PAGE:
In addition, Crowe U.K. CEO Nigel Bostock will pay a $25,000 penalty and senior auditor Matthew Stallabrass will fork over $10,000.

The U.K. arm of accounting firm Crowe LLP, its CEO, and a senior auditor settled charges with the Securities and Exchange Commission on Aug. 14 over various mistakes the firm made during its 2018 audit of music streaming company Akazoo.

Nigel Bostock

Without admitting or denying the SEC’s findings, Crowe U.K. agreed to be censured and will pay a $750,000 fine, CEO Nigel Bostock, who was the engagement partner on the Akazoo audit, will pay a $25,000 penalty, and Matthew Stallabrass, who was the Akazoo audit’s engagement quality reviewer, will fork over $10,000.

According to the SEC’s order, Crowe U.K. issued a clean audit report of Akazoo’s 2018 financial statements. However, after Akazoo went public in September 2019 via merger with a special-purpose acquisition company, also known as a de-SPAC transaction, it was revealed that the company’s 2018 financial statements falsely claimed $120 million in revenue when Akazoo had only negligible amounts of revenue.

The SEC said Crowe U.K. claimed that it conducted its 2018 audit in accordance with Public Company Accounting Oversight Board (PCAOB) standards when, in fact, its engagement team working on the Akazoo audit, including Stallabrass, had almost no experience or training in PCAOB standards.

In addition, the Crowe audit team overlooked red flags when, for instance, they failed to exercise an appropriate level of due professional care or professional skepticism when Akazoo presented fabricated agreements and inauthentic confirmation letters to the audit team. The order also finds that Crowe U.K. made false statements in its audit report when it claimed that Akazoo fairly presented its financial statements in all material respects for 2018.

As the engagement partner for the Akazoo audit, Bostock failed to appropriately supervise the engagement, maintain adequate documentation, and exercise due professional care, among other things, the SEC said. Stallabrass failed to conduct a sufficient engagement quality review, the order states.

“Crowe U.K.’s failure to properly audit Akazoo contributed to the air of legitimacy that allowed Akazoo to become a publicly traded company,” Eric Werner, the regional director of the SEC’s Fort Worth Regional Office, said in a press release. “We will continue holding gatekeepers accountable, especially those whose professional failings allow financial frauds to enter our public markets.”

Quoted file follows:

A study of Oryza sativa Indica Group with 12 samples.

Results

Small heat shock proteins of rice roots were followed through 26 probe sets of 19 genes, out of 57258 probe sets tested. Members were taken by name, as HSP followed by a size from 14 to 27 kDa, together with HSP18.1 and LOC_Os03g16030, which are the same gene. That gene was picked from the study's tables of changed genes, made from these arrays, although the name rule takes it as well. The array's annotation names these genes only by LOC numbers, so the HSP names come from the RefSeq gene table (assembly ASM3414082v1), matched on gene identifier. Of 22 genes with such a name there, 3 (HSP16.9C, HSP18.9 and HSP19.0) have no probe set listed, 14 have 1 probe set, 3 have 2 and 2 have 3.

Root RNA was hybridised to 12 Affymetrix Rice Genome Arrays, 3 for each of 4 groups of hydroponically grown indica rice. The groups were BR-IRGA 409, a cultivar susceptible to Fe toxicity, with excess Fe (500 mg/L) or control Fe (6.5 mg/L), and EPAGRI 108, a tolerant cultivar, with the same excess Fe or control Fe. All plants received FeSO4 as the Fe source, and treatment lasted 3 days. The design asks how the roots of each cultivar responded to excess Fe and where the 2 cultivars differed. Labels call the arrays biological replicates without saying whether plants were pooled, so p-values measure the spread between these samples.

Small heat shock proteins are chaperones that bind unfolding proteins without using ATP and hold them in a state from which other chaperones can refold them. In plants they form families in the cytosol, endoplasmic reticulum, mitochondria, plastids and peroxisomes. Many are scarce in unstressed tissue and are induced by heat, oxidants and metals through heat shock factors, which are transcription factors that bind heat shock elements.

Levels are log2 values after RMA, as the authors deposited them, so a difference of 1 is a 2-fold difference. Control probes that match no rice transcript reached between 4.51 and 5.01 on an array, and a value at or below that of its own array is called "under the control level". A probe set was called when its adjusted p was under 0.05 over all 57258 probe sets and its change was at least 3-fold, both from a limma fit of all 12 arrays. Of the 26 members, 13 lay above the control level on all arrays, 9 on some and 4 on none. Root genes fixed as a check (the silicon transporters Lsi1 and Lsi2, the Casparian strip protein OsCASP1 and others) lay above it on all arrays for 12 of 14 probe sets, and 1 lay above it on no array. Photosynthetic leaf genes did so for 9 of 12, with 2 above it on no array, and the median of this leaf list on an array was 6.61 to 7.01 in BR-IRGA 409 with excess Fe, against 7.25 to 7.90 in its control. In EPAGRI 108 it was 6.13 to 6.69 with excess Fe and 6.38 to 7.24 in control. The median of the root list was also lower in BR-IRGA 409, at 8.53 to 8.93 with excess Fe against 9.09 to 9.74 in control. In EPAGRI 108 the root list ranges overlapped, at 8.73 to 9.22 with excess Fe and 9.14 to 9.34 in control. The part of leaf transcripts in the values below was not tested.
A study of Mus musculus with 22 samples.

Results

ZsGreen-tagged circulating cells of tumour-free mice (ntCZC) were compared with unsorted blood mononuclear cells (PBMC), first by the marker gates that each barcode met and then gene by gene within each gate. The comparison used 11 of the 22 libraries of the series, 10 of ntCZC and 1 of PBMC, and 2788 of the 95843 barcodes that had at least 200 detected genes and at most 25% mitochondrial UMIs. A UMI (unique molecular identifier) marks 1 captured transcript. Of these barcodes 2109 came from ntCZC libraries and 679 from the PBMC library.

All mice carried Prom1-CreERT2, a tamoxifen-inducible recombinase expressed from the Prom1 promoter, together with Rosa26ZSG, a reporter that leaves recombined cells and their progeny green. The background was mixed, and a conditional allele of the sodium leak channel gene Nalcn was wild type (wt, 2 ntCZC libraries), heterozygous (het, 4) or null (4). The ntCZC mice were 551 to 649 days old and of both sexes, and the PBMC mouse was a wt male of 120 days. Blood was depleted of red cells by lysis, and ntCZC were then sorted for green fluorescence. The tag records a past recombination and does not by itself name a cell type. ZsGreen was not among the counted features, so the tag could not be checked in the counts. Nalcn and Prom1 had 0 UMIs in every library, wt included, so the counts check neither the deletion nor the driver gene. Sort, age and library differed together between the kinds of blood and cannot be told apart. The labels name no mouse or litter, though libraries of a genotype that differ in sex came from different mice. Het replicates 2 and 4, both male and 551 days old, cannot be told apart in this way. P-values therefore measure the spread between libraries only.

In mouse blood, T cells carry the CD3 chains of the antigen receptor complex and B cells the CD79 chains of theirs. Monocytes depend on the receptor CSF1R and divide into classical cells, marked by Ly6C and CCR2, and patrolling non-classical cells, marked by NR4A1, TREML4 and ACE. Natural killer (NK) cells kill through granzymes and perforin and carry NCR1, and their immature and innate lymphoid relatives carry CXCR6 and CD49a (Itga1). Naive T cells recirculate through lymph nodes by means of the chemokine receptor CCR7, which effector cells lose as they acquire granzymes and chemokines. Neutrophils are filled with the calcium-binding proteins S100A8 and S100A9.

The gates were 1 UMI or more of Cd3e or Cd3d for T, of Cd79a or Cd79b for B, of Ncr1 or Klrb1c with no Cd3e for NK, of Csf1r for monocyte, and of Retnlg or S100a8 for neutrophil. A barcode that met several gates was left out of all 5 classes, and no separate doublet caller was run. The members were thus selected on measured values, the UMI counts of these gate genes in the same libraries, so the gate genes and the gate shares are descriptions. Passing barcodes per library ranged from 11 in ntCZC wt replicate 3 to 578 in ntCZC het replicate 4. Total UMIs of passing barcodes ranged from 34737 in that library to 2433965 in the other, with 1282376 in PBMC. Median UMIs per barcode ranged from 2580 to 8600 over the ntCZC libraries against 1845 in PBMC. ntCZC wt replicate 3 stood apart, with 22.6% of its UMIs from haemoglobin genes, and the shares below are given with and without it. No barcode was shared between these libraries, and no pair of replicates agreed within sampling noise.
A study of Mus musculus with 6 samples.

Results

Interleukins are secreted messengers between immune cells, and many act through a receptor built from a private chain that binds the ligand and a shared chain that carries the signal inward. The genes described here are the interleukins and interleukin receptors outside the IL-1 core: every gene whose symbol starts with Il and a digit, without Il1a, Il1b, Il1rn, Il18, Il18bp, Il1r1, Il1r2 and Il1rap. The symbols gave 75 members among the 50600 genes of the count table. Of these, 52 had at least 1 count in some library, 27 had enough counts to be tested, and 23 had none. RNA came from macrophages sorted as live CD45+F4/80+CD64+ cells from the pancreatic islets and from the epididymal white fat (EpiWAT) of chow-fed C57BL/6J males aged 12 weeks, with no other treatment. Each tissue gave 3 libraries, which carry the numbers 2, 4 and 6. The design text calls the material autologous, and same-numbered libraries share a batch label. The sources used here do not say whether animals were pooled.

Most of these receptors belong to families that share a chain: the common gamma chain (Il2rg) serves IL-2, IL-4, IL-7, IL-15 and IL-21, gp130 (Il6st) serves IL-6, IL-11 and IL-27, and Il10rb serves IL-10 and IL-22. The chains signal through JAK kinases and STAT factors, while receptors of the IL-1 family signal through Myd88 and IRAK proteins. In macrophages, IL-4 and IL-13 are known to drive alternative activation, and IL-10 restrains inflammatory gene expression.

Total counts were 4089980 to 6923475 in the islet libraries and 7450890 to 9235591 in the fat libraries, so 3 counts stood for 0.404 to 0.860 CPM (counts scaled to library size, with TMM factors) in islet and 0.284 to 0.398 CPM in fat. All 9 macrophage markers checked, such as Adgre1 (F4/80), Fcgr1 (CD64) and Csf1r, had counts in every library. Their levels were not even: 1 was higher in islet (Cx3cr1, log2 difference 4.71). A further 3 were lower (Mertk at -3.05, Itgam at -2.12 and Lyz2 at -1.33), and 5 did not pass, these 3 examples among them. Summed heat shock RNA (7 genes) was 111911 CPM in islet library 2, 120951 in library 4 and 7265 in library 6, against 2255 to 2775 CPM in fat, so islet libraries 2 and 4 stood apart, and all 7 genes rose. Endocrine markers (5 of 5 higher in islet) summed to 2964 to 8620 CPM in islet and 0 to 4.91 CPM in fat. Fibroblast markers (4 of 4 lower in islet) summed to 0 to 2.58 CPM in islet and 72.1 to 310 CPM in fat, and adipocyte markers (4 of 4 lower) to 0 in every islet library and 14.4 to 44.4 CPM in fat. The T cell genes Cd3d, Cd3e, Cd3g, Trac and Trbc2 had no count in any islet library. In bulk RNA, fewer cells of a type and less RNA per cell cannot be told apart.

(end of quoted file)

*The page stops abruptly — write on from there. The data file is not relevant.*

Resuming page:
By violating PCAOB standards in connection with the 2018 Akazoo audit, Crowe U.K., Bostock, and Stallabrass engaged in improper professional conduct, the SEC said.

As part of the settlement, Crowe U.K., Bostock, and Stallabrass agreed to cease and desist from committing or causing violations of the proxy and reporting provisions of the Exchange Act and Regulation S-X. Crowe U.K. also agreed to pay disgorgement and prejudgment interest (the payment of which is deemed satisfied by Crowe U.K.’s payments in related private litigation), voluntarily withdraw its PCAOB registration, and implement undertakings related to the firm’s acceptance of new clients. The SEC order said Crowe U.K. submitted a request to withdraw its registration from the PCAOB on June 2.

Bostock and Stallabrass also agreed to be suspended from appearing or practicing before the SEC as accountants, with the right to apply for reinstatement after five years and two years, respectively.

Greece-based Akazoo reached a $38.8 settlement with the SEC in October 2021 for allegedly defrauding investors out of tens of millions of dollars in connection with its 2019 SPAC business combination.

After the business combination, Akazoo became listed on Nasdaq and proceeded to defraud retail investors by misrepresenting, among other things, that it had earned tens of millions of dollars in revenue during 2019 and increased its paying subscriber base by 28% year-over-year, when in fact, the company continued to have limited operations, no subscribers, and marginal revenue, all while depleting more than $20 million of investor funds, according to the SEC.